By Kat Richter for The Dance Journal
It’s not often that ballet leaves you gasping one moment and laughing the next but Pennsylvania Ballet’s latest program, a triple bill featuring two classic Balanchine works, Ballo Della Regina and The Four Temperaments, followed by Christopher Wheeldon’s Carnival of the Animals, did just that.
The program opened with Balanchine’s Ballo Della Regina. Soloist Jong Suk Park stood out—his jumps seemed to go on for days— but The Four Temperaments gave the company a chance to really shine. Although the classic black and white “leotard ballet” premiered in 1946 and takes its name from the medieval belief that four humors comprised the body and determined its temperament (“choleric” for example or “melancholic”), it’s juxtaposition of classic lines and modern flourishes keep the ballet looking as fresh today as it did nearly 70 years ago.
Flexed feet, jutting hips and Egyptian-esque arms characterize the work, which comprises three introductory themes and four movements and featured an exquisite piano solo by Martha Koeneman. The most exciting moments, however, occur as the dancers exited the stage. In one of the early duets, an L-shaped lift saw one couple into the wings and in Melancholic, Andrew Daly walked backwards, his back arched parallel with the floor.
The highlight of the evening, however, was Carnival of the Animals. Written and narrated by John Lithgow and choreographed by New York City Ballet veteran Christopher Wheeldon, it was the perfect combination of wit and whimsy. An enchanting tale, the ballet tells the story of Oliver, a mischievous school boy, who encounters a cast of half-human, half-animal characters during a night at the American Museum of Natural History.
The costumes, designed by Jon Morrell, were nothing short of spectacular. The grownups of Oliver’s world, for example, were dressed as roosters and chickens, complete with red derby hats for the men, checkered skirts for the women, and tail feathers that looked like they really had come from a museum exhibit. Oliver’s classmates performed Wheeldon’s vigorous choreography in gladiator like headdresses complete with pigtails sticking out the side. Best of all were the blonde “cinema sirens” of ages past who created an underwater dreamscape in iridescent leotards and gloves that turned their hands into webbed feet.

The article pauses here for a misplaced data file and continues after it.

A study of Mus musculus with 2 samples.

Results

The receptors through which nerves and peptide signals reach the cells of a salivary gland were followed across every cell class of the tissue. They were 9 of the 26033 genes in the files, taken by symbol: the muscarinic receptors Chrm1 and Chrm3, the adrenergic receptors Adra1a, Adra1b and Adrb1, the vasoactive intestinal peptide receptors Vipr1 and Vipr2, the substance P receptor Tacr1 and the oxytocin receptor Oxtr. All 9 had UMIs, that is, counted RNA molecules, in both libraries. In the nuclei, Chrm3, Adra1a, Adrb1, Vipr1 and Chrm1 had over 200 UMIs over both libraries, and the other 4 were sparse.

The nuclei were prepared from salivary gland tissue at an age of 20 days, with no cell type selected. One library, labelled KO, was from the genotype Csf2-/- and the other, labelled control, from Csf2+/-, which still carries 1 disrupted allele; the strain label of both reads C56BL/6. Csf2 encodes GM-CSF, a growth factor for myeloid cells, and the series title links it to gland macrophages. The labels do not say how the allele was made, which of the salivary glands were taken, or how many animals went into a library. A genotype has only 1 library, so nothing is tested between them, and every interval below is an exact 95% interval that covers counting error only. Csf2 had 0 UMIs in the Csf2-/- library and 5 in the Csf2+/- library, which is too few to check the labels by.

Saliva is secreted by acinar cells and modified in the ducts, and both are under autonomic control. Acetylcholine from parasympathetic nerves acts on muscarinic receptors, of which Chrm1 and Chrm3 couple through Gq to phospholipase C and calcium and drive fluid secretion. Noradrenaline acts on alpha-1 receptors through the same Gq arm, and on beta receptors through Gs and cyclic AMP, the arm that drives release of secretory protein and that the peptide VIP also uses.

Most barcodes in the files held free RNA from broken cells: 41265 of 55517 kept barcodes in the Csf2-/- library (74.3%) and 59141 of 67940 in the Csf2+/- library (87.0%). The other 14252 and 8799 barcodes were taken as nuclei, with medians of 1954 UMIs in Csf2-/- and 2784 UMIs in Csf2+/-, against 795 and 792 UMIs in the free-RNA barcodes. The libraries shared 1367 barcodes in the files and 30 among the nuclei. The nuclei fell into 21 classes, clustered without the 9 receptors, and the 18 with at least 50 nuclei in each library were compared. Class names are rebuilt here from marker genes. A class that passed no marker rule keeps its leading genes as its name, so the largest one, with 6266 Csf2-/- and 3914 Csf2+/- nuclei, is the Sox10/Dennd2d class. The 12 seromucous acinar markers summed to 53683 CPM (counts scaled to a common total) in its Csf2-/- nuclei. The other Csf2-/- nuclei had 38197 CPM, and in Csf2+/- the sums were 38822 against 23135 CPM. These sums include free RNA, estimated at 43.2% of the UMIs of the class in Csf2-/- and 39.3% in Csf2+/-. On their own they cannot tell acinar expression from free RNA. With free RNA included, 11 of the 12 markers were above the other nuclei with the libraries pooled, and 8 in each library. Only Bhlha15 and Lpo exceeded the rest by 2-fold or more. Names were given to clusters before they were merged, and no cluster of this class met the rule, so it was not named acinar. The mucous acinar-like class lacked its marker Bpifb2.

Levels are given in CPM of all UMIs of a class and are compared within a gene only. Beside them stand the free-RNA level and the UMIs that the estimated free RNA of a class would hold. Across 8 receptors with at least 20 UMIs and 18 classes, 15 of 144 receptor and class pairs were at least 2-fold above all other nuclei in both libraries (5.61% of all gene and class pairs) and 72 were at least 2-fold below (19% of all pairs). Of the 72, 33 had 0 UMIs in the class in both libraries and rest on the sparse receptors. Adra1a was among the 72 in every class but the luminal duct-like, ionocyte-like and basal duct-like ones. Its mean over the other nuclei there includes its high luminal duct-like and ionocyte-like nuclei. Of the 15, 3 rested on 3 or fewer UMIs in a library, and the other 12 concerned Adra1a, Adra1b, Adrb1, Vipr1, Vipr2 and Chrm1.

As the narration unfolded, Oliver’s classmates took a trip to the ballet. A bit of irreverent cheekiness followed as the show-within-a-show theme came to life: dressed in brown tulle tutus and skeletal makeup, the ballerinas rattled through intentionally mechanical choreography, swatting their skirts as they danced to send puffs of dust into the air. Julie Diana, who played Oliver’s aging aunt, provided the perfect contrast in her high heels and elbow length gloves. She danced a restrained but beautiful solo, facing upstage nearly the entire time as she recalled the glory of her formed career.
Young Jonathan Block was earnest and precise as Oliver and Lithgow’s confident delivery kept the work on target, despite a few technical hiccups. Indeed, Carnival was one of the most delightful ballets I’ve ever seen, perfect for children and the child in each of us.
Kat Richter is a freelance writer and teaching artist. She holds an MA in Dance Anthropology and is also the co-founder of The Lady Hoofers, Philadelphia’s only all-female tap company. Her work can be found at www.katrichter.com.